I’m currently in California enjoying a visit with family. The theory is that I’ll have more time to blog while I’m here.
For a light and painless post, I’d like to consider all the challenges that I used to think were tackle-once jobs. Instead, I find myself dealing with them in cycles: challenge, meet the challenge, resolved challenge, challenge again
- Obedience (in many forms!)
- Screaming (when stuck or frustrated– no other children involved)
- Screaming (interpersonal anger)
- Cleanup slowness
- Bedtime challenges
- Eating challenges
Can you think of any more? Isn’t it amazing that with such a short list, we still can’t get a definitive how-to list? That’s on purpose I think. Wouldn’t we depend on a book if the answers could be found in a book? I know I would. And eventually I’m figuring out that God doesn’t just want us to go to him for a how-to resource; He wants fellowship, primarily.
Laura Weimer says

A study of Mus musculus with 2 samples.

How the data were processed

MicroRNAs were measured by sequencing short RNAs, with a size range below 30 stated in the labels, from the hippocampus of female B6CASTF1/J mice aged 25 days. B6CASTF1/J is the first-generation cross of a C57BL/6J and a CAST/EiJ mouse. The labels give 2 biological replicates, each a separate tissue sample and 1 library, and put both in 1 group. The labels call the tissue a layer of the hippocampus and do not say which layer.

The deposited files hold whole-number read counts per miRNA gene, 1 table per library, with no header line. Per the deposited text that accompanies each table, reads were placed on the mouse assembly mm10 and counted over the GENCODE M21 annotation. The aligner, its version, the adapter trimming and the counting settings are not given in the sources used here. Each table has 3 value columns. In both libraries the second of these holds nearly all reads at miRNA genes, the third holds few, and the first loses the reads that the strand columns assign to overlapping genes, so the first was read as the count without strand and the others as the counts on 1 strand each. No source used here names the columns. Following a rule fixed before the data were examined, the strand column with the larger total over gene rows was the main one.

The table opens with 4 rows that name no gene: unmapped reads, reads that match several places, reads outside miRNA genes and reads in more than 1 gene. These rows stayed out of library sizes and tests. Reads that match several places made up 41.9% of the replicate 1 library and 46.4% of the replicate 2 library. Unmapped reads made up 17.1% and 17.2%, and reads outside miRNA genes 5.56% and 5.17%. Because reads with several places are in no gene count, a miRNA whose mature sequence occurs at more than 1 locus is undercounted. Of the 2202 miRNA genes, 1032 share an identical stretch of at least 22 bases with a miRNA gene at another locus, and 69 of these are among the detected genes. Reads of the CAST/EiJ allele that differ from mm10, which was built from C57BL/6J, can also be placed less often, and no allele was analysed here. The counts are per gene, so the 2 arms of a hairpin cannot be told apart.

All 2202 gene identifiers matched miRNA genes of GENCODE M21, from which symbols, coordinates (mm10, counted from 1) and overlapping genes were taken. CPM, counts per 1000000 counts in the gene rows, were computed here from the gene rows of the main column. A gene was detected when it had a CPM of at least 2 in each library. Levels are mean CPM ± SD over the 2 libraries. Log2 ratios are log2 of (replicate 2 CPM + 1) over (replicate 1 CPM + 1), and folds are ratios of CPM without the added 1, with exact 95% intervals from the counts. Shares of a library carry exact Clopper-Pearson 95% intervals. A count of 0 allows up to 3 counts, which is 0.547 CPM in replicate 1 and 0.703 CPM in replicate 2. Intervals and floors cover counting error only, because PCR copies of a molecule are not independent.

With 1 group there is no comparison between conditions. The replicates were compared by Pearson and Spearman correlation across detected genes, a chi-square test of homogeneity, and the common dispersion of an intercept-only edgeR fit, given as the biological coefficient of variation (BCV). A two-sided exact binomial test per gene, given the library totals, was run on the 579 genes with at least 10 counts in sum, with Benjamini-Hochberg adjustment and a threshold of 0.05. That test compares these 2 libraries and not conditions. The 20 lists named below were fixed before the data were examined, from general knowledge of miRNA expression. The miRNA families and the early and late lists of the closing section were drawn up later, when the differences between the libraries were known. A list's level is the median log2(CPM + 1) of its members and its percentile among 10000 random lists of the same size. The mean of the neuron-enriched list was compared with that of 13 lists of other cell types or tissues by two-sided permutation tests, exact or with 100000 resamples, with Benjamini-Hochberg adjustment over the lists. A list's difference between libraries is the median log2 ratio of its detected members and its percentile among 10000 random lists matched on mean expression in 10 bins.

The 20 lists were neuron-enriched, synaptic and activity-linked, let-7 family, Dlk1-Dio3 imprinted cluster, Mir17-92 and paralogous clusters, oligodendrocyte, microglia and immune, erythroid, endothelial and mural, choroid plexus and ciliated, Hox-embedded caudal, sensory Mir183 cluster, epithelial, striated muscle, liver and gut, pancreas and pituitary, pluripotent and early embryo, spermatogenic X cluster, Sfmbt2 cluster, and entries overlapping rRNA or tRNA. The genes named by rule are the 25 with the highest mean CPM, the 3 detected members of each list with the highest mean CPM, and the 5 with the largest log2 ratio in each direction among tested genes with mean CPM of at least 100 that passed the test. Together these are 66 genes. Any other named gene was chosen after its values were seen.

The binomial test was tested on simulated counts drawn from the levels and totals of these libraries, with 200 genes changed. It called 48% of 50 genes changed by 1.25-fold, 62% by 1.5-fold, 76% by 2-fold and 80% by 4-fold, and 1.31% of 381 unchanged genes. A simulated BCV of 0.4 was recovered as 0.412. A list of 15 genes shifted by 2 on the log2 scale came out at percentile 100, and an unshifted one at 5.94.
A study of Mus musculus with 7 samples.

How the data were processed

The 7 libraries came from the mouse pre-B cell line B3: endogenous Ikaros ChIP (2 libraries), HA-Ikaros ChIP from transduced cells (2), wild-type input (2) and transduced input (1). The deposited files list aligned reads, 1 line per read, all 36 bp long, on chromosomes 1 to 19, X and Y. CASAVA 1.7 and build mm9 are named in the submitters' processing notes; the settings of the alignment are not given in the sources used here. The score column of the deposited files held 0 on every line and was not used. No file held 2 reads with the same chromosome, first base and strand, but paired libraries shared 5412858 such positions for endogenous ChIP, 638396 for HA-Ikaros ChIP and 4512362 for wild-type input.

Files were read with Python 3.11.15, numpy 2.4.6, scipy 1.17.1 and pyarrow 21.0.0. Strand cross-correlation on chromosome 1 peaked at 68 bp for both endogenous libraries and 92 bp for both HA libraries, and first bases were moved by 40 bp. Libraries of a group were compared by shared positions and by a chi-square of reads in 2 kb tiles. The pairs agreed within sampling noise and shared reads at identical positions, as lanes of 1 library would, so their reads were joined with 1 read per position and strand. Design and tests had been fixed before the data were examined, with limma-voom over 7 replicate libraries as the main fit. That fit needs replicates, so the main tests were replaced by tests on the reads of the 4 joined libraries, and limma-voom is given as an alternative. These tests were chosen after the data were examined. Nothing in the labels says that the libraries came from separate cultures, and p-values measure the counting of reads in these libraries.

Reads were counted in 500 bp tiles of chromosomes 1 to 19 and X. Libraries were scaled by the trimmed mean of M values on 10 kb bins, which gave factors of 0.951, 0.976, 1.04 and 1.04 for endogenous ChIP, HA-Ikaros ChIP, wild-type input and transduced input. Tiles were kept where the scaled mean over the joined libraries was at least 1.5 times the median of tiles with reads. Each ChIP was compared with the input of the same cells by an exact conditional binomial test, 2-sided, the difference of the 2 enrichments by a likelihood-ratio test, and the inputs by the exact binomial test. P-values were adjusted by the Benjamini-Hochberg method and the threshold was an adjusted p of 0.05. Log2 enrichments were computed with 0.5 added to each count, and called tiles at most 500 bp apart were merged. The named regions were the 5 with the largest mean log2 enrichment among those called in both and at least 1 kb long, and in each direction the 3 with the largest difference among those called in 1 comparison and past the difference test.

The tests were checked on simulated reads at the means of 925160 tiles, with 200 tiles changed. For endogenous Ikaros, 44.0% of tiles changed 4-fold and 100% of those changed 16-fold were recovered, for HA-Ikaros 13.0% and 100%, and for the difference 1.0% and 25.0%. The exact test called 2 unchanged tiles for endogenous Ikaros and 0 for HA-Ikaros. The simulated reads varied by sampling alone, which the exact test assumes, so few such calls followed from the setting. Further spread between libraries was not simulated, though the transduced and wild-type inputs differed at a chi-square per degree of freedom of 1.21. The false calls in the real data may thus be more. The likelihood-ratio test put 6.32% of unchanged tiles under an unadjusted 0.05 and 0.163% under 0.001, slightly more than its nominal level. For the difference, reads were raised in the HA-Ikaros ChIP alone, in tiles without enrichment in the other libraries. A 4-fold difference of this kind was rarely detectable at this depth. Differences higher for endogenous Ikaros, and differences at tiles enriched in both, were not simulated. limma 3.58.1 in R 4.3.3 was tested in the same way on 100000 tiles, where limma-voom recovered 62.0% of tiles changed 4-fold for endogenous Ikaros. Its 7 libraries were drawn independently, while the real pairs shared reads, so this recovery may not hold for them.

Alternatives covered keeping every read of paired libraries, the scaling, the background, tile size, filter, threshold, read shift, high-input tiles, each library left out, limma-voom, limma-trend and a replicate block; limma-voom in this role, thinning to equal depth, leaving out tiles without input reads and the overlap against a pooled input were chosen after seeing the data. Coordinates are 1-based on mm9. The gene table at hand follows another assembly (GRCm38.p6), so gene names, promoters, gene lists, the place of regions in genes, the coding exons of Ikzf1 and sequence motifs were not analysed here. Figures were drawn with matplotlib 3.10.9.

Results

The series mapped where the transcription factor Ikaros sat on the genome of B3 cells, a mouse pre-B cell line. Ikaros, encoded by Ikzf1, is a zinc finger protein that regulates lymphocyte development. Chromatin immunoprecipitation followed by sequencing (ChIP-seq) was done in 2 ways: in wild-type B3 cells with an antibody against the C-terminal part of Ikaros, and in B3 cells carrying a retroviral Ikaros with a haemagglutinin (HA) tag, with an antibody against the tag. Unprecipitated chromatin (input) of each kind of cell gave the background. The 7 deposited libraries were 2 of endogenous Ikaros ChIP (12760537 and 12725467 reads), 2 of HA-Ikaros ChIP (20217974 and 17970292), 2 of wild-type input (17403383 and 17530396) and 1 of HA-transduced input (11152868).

I just wanted to share a little success with clean-up slowness. It will probably only work this once, but it’s worth sharing I think. My 5 yr. old was to pick up the dog’s business in the back-yard…the most dreaded job of all. He had on his spider-man costume that he likes to wear and so I challenged spiderman (not him) to go out in the back-yard and collect “life”. (The 8 yr. old has played a spider-man video game where he collects life to stay alive). At first I received the same lazy-it’s too hard-I can’t do it attitude I’m familiar with. I kept talking as if to spiderman and said I could see how weak he was and didn’t he want to get stronger? I could see the job would be too big for him alone as it hadn’t been done for several days, so i picked up a shovel and began saying I was going to get stronger than spiderman and defeat him…well, that was it, you’ve never seen a little spiderman collect more “life” in so short a time. I know it won’t always work out that way, but it sure beat the “battle” we usually have. I actually had fun and I think he did too.